DOE study finds more jobs and lower costs, but trouble ahead

Source: Christa Marshall, E&E reporter • Posted: Thursday, August 18, 2016

The United States ranks second in the world for total wind power capacity but lags behind other countries like Turkey and Poland in terms of the national percentage of electricity generated from wind, according to a new federal report examining the U.S. industry’s cost, performance, employment and generation trends.

The annual “wind technologies market report” from the Department of Energy and Lawrence Berkeley National Laboratory finds that the U.S. wind industry installed almost 8.6 gigawatts of capacity in 2015, the largest of any electricity source. Nationally, 41 percent of new-electricity capacity last year came from wind. Globally, the United States ranked only behind China in terms of annual capacity additions.

New construction is likely to continue over the next five years with the extension of the production tax credit in Congress last year, DOE said.

The report also documents how new installations are changing the regional electricity mix and tracks job growth and dramatic declines in costs, partly helped by improved turbine efficiency. For example, more than 10 U.S. states now get at least 10 percent of their electricity from wind.

Wind sector employment hit a new high last year of 88,000 full-time workers. Power purchase agreements for wind power are near all-time low prices, helping keep the industry competitive amid low gas prices.

“Today’s low PPA prices have been enabled by the combination of higher capacity factors, declining costs and record-low interest rates,” the report states. Low turbine prices also were a factor. Technology advancements helped keep their costs down in recent years, despite larger turbine heights and rotor sizes. Since the late 1990s, the average turbine height increased by about 82 meters.

Mark Bolinger, a research scientist at the Lawrence Berkeley National Laboratory, said the DOE analysis differs from other wind industry reports by focusing more on costs, performance and PPAs.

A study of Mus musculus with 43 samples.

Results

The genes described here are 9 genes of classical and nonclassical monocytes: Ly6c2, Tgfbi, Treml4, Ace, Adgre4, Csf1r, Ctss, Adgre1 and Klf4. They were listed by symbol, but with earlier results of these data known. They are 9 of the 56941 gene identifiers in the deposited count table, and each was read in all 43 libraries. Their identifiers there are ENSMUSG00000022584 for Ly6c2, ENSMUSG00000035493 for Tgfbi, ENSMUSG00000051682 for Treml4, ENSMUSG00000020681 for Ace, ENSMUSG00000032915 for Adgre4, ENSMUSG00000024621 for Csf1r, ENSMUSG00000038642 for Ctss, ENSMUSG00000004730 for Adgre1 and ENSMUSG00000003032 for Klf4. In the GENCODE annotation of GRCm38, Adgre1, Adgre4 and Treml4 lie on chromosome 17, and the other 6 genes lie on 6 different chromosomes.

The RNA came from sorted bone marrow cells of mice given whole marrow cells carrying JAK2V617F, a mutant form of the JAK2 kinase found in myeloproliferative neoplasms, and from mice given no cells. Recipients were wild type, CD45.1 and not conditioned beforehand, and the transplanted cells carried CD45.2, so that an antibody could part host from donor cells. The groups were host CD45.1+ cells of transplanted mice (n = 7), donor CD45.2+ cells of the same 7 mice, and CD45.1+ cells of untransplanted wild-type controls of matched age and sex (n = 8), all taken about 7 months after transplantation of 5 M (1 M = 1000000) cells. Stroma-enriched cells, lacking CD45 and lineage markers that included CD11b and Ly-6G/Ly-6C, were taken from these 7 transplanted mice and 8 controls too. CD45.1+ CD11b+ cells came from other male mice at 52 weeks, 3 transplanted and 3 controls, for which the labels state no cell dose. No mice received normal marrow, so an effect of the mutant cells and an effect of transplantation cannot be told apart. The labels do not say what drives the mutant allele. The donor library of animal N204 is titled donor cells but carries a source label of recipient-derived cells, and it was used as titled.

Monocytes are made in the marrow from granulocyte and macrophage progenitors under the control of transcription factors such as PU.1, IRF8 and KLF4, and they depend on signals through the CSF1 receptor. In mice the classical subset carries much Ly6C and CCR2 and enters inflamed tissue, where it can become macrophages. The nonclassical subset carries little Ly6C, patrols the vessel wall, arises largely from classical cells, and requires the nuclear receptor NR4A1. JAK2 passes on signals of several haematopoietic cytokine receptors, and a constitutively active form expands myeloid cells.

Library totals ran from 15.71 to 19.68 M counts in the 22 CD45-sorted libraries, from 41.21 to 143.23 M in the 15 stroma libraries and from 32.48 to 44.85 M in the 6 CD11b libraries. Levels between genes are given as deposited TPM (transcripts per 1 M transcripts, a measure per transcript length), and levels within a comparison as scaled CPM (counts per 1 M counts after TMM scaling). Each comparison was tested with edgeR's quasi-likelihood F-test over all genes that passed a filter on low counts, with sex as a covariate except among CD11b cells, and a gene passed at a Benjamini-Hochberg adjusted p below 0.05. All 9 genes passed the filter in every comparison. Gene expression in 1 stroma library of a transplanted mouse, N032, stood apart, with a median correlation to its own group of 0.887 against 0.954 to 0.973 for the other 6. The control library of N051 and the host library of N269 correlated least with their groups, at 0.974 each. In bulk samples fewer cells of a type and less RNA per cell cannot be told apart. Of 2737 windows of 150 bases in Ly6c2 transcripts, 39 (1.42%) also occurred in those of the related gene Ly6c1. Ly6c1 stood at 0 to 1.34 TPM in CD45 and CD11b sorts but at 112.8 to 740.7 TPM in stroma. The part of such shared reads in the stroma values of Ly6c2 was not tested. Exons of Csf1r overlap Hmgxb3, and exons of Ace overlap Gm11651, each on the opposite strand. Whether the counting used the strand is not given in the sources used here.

There are challenges for the U.S. industry, though. The extended PTC will phase down in increments through 2020, leaving some policy uncertainty after that. Projections for 2021 to 2023 indicate a downturn as the “PTC progressively delivers less value to the sector.”

“Expectations for continued low natural gas prices, modest electricity demand growth, and lower near-term demand from state RPS [renewable portfolio standard] policies also put a damper on growth expectations, as do inadequate transmission infrastructure and competition from solar energy in certain regions of the country,” the report says. “At the same time, the potential for continued advancements and cost reductions enhance the prospects for longer-term growth, as does burgeoning corporate demand for wind energy and longer-term state RPS requirements.”

U.S. EPA’s Clean Power Plan could create new markets if it survives, DOE said.

The United States also remains reliant on imports for many of its components, while U.S. wind manufacturers continue to adjust after a rocky period of plant closures, according to the report.

“The wind industry’s domestic supply chain continues to deal with conflicting pressures: an upswing in near- to medium-term expected growth, but also strong international competitive pressures and possible reduced demand over time as the PTC is phased down,” DOE said. For that reason, expectations for “significant supply chain-expansion have become more pessimistic,” despite rapid growth in the U.S. wind manufacturing workforce last year, it said.

Separately, DOE and the Pacific Northwest National Laboratory released a reportanalyzing the U.S. distributed wind market, where turbines provide power directly to homes and businesses rather than tapping utility-scale wind farms.

About 28 megawatts of new distributed wind capacity came online last year through the installation of 1,713 turbines in 28 states. In the past 13 years, about 1 percent of all U.S. wind energy capacity consisted of distributed wind.

Ohio, Nebraska and Connecticut led the U.S. market. Industrial use is a driver, as companies like Whirlpool Corp. and Stafford County Flour Mills Co. Inc. tapped the resource last year.

The estimated energy costs from distributed wind hovered near 11 cents per kilowatt-hour last year, according to a DOE test, compared to typical residential electricity rates of about 9 to 21 cents.

However, new distributed wind declined after 2012 because of the loss of federal stimulus money. A “downward trend” in state and federal incentives, competition with low natural gas prices, and other renewables like solar also are pressuring the industry.

“Although distributed wind is not as widespread as distributed solar, new third-party financing options similar to the lease model that spurred growth in the residential solar market could also grow distributed wind,” said PNNL energy analyst Nik Foster, a report co-author.